Bee Hoon (vermicelli)There is the thin and the thick bee hoon. The thin version is translucent, dried and breaks easily when bought off the shelf. Before cooking it, it needs to be soaked in water. The most popular way the thin version is cooked - fried! So the steps for a simple fried bee hoon are: soak in water > fry in some garlic/onion, throw in an egg or some shredded cabbage, a dash of soya sauce for taste and colour and tadah!
You find fried bee hoon at almost any occasion either prepared at home or catered, from tea breaks at company events or seminars, to baby showers, picnics, home parties and even at funeral wakes. Whenever you see fried bee hoon catered or served at a friend's house, it is 95% likely you will see its complement - curry chicken! Fried bee hoon is a common breakfast food at coffeeshops too. For dinner, you can get fried bee hoon from tze char stalls at coffeeshops. It's really everywhere!!!
Another noodle dish that uses bee hoon is Mee Siam, which is bee hoon in a light and sour gravy topped with dried beancurd, beansprouts and a hard boiled egg. Other than getting Mee Siam at Malay stalls, you can get it throughout the day too at Toast Box outlets. Bee hoon is light and easy on the stomach so it’s also common for locals here to eat bee hoon soup (eg. fishball soup with bee hoon, sliced fish soup with bee hoon) when they are unwell.
The thick bee hoon (white in colour) is selected more as the noodle option for sliced fish soup. It's also a noodle option for several other foods - like yong tau foo and fishball noodles. Thick bee hoon is also the better half of Hokkien Mee. Some hawkers fry Hokkien Mee with the thin bee hoon too. Both versions are also popular for prawn noodles, where you can choose to mix bee hoon with yellow noodles.
Click here to know what yellow noodles are!
Like the many kinds of pasta in West, there's a variety of noodles that the people of the East enjoy, and everything's cooked in different ways. Some stalls especially those selling minced pork noodles and fishball noodles have a range of noodles for you to choose from, while the noodles used in some dishes are fixed. There's definitely more than one kind of noodles offered in EVERY coffeeshop, food court and hawker centre so make it a point to try everything! In this first post of the noodles series, we'll start off with the yellow noodle!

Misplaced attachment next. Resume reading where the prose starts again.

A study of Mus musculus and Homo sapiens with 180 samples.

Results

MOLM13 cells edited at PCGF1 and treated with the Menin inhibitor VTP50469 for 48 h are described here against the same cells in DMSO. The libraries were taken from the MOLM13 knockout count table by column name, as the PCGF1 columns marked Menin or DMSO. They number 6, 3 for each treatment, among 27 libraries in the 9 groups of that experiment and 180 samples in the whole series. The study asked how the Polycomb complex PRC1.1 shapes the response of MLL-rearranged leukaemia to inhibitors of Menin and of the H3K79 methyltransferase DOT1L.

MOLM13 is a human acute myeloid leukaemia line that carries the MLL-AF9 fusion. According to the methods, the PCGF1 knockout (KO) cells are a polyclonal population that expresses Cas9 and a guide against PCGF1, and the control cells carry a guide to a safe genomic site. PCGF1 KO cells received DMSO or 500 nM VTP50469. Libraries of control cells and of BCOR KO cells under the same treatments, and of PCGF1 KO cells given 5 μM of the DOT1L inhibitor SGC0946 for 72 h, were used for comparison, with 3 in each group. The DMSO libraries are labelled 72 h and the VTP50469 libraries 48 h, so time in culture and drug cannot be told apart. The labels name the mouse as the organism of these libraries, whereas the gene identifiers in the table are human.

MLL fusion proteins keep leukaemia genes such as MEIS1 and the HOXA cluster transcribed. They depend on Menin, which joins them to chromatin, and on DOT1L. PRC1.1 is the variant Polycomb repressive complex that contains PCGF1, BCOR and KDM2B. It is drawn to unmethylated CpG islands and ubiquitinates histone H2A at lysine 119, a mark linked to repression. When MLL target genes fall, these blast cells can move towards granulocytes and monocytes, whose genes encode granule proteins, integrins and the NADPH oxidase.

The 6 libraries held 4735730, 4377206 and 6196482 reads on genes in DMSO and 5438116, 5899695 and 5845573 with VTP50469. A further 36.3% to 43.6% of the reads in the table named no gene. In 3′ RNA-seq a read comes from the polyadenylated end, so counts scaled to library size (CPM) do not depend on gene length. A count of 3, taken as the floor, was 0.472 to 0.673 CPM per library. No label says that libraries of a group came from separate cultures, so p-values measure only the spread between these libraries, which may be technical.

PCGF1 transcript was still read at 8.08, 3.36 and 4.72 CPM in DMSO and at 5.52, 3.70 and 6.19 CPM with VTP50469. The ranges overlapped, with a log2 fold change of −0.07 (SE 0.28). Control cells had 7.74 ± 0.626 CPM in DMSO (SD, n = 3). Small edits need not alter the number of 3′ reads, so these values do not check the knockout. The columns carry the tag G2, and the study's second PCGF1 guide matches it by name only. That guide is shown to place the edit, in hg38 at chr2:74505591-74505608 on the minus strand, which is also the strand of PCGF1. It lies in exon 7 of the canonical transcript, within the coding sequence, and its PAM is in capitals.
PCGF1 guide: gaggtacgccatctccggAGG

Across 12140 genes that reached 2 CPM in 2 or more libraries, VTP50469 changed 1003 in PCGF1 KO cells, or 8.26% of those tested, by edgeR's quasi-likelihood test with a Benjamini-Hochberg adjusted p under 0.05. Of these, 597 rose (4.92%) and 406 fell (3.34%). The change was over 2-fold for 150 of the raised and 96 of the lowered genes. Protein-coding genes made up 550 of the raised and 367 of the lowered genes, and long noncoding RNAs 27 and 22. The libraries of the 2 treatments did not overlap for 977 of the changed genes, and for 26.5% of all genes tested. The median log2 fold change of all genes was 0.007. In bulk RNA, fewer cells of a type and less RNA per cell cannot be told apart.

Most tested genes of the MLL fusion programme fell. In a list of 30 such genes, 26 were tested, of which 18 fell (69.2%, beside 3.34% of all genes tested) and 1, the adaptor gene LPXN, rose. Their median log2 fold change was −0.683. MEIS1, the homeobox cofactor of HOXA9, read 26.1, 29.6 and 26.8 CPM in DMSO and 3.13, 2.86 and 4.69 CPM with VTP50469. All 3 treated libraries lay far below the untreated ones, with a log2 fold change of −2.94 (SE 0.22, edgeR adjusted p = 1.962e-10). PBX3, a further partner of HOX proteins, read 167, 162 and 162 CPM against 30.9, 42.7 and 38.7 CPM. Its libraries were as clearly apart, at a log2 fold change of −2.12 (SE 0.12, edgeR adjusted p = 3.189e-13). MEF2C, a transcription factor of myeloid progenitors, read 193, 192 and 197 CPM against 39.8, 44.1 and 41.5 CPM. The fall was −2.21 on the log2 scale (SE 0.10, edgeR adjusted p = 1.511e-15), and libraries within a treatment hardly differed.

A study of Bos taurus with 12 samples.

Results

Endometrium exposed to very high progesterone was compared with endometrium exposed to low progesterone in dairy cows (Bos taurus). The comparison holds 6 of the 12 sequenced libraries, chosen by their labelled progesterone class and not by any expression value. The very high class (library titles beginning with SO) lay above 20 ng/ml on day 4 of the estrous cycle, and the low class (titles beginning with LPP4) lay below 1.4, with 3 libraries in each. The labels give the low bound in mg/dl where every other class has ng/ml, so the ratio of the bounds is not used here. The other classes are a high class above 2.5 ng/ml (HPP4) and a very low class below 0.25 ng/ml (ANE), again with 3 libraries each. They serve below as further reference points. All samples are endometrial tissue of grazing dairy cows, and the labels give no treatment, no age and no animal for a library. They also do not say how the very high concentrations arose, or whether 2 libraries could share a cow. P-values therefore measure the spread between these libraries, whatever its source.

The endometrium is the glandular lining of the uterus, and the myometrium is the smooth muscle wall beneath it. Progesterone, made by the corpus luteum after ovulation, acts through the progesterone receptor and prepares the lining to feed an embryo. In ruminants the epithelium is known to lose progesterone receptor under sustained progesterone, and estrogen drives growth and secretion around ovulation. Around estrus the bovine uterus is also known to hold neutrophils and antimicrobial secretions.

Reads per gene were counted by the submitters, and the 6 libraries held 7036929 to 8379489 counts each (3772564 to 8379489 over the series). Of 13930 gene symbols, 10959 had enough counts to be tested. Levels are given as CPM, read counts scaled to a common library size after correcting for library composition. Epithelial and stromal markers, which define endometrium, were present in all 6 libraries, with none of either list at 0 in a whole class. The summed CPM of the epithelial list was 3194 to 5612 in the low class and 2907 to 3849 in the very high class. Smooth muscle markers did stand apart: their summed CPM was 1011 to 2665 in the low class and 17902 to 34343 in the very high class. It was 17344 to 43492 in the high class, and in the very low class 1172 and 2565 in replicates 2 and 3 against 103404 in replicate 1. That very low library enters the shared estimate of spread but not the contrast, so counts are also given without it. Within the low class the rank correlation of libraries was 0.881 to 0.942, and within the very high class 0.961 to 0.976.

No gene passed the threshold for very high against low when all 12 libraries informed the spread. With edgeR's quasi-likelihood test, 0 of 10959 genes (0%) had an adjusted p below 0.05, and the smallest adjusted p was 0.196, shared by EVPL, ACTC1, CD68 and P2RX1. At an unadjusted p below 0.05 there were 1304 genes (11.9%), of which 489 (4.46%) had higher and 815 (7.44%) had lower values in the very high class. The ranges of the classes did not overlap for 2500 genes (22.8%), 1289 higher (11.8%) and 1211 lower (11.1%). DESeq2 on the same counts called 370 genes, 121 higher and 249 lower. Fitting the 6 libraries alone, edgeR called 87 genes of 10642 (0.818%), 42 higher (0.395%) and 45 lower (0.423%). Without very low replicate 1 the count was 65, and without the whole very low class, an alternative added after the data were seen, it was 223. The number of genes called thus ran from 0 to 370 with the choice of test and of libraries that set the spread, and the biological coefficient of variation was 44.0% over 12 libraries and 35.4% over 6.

On it's own, yellow noodles tastes a little bitter (to us at least) because of the alkaline salts added when it's made. But more often than not, the condiments used in preparing the noodles mask this taste.
Yellow noodles are used all the time for the Malay Mee Rebus. The toppings are simple - beansprouts, tau kwa (like tofu), a boiled egg and green chilli, but the key to this noodle dish is the sauce. The yellow noodles are sunk in a tasty thick brown gravy carrying tinge of curry taste. Squeeze a little lime and you're set for a good meal!
Prawn noodles, locally known in Hokkien as Hei Mee, (Hei is pronounced like how an evil laughter sounds as in "heh heh heh") is also made of yellow noodles. It comes in flavourful broth simmered for many hours using prawn heads and pork ribs. (Great, now we're thinking of the Prawn noodles shop at Katong :P) Most stalls allow you to have a mix of yellow noodles and thin or thick bee hoon (vermicelli) and kway tiao (thick flat white noodles) too.
Mee Goreng is fried using yellow noodles. There is the Malay Mee Goreng and the Indian Mee Goreng. The India Mee Goreng is distinguised by it's striking red colour. Taste wise, what separates one mee goreng from another is the sambal paste (made with chillis, dried shrimp and a whole string of condiments) that it is added during the frying. Usually egg, cabbage and shrimp or chicken make up the toppings.
To us, Lor Mee is like the Chinese version of the Malay Mee Rebus, minus the curry taste, because the yellow noodles are bathed in a thick gravy too. The colour of the gravy is a darker brown, and the yellow noodles is a little flatter. The toppings include fish cake, beansprouts and pork or fish slices. What makes the taste of the gravy distinct is the vinegar added to it, which some locals love to ask for more of.
Half of the noodles in the famous Char Kway Tiao is also the yellow noodle (the other half is Kway Tiao). A main condiment is dark sauce so the dish turns out dark brown. It's fried on a high heat using lard (that's why it's so good) with cockles, egg and Chinese sausage thrown in.
Another famous local eat with yellow noodles making up half of the dish is Hokkien Mee. The other half is made up of bee hoon. It's stir-fried with egg, prawns, squid and some cubes of pork fat. What makes it so flavourful is the prawn stock which it is simmered in during the cooking process. And yes, the chilli paste and bit of lime makes a big difference too.